CPR has changed!
On October 18, 2010, the 2010 American Heart Association Guidelines for CPR and Emergency Cardiac Care were published marking the 50th anniversary of modern CPR. Even with modern technology like AEDs, survival from cardiac arrest depends on lay rescuers like you who are ready, willing, and able to respond in this emergency. The 2010 Guidelines are based on the most current and comprehensive review of resuscitation studies ever published. The 2010 review process included 356 resuscitation experts from 29 countries who analyzed, debated, and discussed research and theories during the 36-month period before the 2010 Consensus Conference. During the past five years, there has been an effort to simplify CPR techniques and emphasize that any attempt at CPR is better than no attempt.
Below is a summary of the 2010 changes:
1. Change from "A,B,C" to "C,A,B" -- Compression, Airway, Breathing. "Look, listen, and Feel" is gone! In the old "A,B,C" check, compressions were often delayed while a stressed-out lay responder opens the airway, gives rescue breaths or retrieves a barrier device, then tried to determine if victim had a pulse or not. By changing to "C,A,B," chest compressions will be started sooner and rescue breathing only shortly delayed until completion of the first cycle of 30 compressions.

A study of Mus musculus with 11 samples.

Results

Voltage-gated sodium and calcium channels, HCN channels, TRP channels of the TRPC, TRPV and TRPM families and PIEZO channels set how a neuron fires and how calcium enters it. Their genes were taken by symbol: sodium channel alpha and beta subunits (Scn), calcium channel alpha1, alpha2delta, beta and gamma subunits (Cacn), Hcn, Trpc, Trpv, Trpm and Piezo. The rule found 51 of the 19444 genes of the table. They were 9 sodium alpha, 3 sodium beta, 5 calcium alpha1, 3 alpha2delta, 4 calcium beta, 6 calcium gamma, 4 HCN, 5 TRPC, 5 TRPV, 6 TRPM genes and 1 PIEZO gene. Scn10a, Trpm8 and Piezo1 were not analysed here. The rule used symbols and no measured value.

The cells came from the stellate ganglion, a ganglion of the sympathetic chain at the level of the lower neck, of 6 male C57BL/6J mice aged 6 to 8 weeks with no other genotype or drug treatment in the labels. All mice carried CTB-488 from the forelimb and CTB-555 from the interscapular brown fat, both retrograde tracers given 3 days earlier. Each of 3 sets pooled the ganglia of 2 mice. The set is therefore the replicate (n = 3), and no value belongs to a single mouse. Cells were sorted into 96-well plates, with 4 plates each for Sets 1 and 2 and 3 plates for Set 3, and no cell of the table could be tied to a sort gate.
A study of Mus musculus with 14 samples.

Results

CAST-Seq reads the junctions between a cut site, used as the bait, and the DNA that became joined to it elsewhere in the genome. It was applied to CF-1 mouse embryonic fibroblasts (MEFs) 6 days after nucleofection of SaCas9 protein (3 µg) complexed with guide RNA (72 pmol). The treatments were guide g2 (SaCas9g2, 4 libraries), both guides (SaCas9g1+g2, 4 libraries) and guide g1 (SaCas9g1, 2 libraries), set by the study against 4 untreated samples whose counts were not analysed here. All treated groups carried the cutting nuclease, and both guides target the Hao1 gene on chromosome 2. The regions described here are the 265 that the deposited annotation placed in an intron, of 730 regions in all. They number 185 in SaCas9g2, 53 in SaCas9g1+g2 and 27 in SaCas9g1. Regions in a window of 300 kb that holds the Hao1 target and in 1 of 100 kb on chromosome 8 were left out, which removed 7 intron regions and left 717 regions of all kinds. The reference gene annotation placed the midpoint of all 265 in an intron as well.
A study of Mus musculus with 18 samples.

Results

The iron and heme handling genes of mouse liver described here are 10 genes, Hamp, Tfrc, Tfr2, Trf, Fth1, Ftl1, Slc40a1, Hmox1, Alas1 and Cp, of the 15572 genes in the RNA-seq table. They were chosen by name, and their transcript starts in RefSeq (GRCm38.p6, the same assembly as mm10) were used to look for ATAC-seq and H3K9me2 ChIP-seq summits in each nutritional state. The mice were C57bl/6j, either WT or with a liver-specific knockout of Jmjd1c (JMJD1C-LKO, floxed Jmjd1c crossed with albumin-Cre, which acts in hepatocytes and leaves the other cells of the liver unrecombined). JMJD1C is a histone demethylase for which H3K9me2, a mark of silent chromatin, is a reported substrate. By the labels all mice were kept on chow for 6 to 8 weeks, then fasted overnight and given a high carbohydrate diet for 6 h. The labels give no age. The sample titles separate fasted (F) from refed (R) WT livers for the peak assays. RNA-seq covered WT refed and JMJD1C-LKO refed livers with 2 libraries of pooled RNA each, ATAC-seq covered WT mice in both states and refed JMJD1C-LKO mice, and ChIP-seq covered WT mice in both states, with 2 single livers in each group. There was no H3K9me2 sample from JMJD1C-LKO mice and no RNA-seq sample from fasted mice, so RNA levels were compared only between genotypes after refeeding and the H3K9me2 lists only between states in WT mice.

2. Recognize that irregular gasping (agonal breathing) is not normal breathing; call 911, and begin to pump! Again, many rescuers delay in beginning to treat arrest victim as they are not educated to what "real" arrest victims look and act like. In this training, you will be educated in the actual sense of an arrest so you won't balk, but act! If the victim does not respond, is blue (cyanotic), and their chest is not moving in a regular rhythm, start to pump!
3. "Hands-only CPR" is an option -- If you don't want to do rescue breaths (stranger, vomiting, blood in mouth) and you do not have a rescue barrier, perform compressions only on the victim. Arizona has tripled the "save" rate for cardiac arrest as they focus on "Hands-only" CPR statewide. It is because bystanders are willing to start compressions, not because the Tucson Fire Dept. has improved its response time . . . .
4. Minimize "hands off" time -- If compressions are stopped for longer than 15 seconds, it is like you have never done CPR on the victim. You lose the Coronary Perfusion Pressure (CPP) to the victim's brain. Pump hard, pump fast - allowing the chest to completely recoil after each compression.
This half-day CPR training course is limited to 35 participants.